Scaling up the EU's hydrogen sector by 2030 would cost around Eur430 billion ($480 billion), including around Eur145 billion of public support, trade body Hydrogen Europe said June 2.
"We are ready to invest massively into the use of hydrogen," Hydrogen Europe said in a letter to EU commissioners on behalf of the CEOs of 93 of its member companies.
These included Air Liquide, BP, Daimler, EDF, Enagas, Engie, Fluxys, Gasunie, GRTgaz, ITM Power, Ontras, Port of Rotterdam, Snam, Total, Uniper, Vattenfall and Verbund.
The CEOs support EC plans to launch a public-private Clean Hydrogen Alliance later in June intended to help kick-start domestic clean hydrogen production and use.
The alliance is to bring together governmental, institutional and industrial partners on similar lines to the European Battery Alliance set up in 2017.
Scaling up clean hydrogen production by 2030 will need an estimated Eur220 billion of investmnet, Hydrogen Europe said in a separate Green Hydrogen Investment and Support Report.
Of this some Eur160 billion would be for renewables, and some Eur95 billion would have to come from public grants or subsidies.
Hydrogen infrastructure and storage would need some Eur120 billion of investments, including Eur15 billion of public support, while hydrogen applications would need Eur90 billion, including Eur35 billion of public support to 2030.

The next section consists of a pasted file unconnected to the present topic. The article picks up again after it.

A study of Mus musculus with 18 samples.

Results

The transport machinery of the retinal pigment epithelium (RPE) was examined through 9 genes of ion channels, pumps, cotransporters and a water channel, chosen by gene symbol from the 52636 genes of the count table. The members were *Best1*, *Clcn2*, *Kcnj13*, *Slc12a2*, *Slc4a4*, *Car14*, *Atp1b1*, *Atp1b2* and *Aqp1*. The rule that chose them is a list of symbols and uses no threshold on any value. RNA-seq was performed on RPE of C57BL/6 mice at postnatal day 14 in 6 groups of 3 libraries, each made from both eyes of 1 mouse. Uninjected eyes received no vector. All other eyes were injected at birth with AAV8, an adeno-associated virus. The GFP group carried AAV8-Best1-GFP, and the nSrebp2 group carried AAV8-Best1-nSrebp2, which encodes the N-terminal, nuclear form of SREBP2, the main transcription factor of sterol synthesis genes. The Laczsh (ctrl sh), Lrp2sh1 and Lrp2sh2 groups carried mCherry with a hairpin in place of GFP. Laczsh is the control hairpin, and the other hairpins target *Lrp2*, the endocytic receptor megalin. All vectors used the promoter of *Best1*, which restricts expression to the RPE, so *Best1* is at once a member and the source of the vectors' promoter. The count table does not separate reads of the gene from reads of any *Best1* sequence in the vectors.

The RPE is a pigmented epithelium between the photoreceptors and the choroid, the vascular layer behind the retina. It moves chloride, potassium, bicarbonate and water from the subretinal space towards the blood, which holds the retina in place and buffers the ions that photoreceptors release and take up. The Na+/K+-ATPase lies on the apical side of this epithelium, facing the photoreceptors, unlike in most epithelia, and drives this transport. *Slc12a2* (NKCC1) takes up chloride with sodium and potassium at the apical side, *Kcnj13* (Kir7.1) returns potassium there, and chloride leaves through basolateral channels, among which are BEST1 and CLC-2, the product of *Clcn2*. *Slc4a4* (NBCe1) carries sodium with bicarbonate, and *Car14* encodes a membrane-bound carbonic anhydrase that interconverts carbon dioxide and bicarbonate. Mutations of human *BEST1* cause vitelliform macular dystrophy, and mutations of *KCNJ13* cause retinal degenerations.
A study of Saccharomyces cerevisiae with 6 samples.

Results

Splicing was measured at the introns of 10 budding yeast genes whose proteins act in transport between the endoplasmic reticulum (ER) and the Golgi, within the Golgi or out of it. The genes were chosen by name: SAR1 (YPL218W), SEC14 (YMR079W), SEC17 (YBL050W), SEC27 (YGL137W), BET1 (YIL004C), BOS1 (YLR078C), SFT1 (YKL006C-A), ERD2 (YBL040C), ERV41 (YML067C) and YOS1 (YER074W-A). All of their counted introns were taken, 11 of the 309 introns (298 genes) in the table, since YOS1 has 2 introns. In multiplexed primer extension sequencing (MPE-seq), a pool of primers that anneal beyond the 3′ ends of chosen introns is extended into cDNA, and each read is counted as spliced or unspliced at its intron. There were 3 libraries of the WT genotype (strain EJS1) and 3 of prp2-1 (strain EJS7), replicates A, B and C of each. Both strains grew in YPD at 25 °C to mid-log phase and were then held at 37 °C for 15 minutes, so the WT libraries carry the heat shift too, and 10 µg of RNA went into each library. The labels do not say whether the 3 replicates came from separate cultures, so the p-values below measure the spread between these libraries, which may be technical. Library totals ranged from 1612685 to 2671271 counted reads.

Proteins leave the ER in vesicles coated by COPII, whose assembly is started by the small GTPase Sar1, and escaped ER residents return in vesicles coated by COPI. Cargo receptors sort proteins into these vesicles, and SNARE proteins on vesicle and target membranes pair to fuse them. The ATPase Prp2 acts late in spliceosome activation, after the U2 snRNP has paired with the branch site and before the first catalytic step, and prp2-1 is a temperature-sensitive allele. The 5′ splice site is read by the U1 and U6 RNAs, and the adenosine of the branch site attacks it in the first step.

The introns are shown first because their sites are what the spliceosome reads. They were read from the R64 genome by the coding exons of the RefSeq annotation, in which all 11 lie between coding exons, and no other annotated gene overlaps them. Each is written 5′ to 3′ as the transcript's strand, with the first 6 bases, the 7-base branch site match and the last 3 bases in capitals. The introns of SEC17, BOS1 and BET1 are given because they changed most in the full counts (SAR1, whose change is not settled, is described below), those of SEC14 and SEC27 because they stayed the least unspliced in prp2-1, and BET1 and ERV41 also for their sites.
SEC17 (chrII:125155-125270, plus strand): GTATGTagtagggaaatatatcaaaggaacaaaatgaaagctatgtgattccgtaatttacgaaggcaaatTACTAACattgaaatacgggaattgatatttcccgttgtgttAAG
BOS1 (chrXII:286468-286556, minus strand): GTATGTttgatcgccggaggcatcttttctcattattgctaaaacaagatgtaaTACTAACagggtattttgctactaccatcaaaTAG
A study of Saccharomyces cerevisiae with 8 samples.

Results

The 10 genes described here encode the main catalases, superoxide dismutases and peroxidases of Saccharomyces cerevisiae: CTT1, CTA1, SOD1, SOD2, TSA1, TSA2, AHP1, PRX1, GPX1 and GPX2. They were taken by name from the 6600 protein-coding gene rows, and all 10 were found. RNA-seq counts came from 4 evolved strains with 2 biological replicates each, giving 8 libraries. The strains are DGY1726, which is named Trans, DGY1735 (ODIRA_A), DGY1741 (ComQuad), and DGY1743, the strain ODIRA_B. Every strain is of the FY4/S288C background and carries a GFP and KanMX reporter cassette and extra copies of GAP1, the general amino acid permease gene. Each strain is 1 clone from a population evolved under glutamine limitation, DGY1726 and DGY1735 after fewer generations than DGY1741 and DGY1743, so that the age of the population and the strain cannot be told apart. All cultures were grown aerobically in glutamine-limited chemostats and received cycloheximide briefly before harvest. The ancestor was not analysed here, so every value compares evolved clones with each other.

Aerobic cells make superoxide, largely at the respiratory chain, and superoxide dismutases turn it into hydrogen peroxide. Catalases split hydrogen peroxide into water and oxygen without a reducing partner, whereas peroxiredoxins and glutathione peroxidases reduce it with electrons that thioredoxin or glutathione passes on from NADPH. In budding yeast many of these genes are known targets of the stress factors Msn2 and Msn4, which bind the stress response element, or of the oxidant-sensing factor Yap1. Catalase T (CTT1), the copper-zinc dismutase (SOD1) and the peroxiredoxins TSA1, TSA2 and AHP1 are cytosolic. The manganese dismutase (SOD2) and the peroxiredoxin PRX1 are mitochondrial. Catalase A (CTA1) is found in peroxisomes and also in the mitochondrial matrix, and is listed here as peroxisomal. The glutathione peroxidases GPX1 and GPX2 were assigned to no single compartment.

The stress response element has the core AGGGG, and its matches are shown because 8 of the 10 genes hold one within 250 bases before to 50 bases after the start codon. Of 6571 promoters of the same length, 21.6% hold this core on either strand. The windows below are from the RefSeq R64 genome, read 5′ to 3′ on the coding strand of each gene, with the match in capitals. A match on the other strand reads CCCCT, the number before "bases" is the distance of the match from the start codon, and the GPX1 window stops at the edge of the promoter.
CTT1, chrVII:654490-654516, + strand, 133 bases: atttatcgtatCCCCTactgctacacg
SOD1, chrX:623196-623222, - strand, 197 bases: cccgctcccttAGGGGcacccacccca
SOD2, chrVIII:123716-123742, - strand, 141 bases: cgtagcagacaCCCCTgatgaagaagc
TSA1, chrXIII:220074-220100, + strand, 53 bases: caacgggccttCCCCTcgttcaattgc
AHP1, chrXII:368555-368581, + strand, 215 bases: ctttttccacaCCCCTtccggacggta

The report assumes 16.9 million mt of EU clean hydrogen demand by 2030, based on the Hydrogen Roadmap Europe paper published last year by the EU's Fuel Cells and Hydrogen Joint Undertaking, a private-public research initiative.
Of this, an estimated 7.4 million mt would be green hydrogen produced from renewables -- 4.4 million mt in the EU and 3 million mt imported from North Africa and Ukraine.
Clean hydrogen from electrolysis using other low carbon electricity such as nuclear, and natural gas with carbon capture and storage, would provide 8.2 million mt.
The final 1.3 million mt would come from coal gasification with CCS.
These production estimates are based on Hydrogen Europe's 2x40GW Green Hydrogen Initiative paper published in April.
The investment report includes more detailed breakdowns of potential investments needed, such as Eur8 billion by 2030 to support 20 million mt of green steel production using 1 million mt of hydrogen. Around 25% of this should be covered by grants and subordinated loans, the report said.
Other uses include hydrogen replacing or being blended with natural gas for household use, producing power for balancing the power grid, and being used as a transport fuel.
Hydrogen Europe said the report was a "concrete road map" to help the planned Clean Hydrogen Alliance unlock the investment needed to scale up the EU hydrogen sector.
The EC is expected to unveil a dedicated EU hydrogen strategy and an EU energy systems integration strategy at the same time as the alliance launch.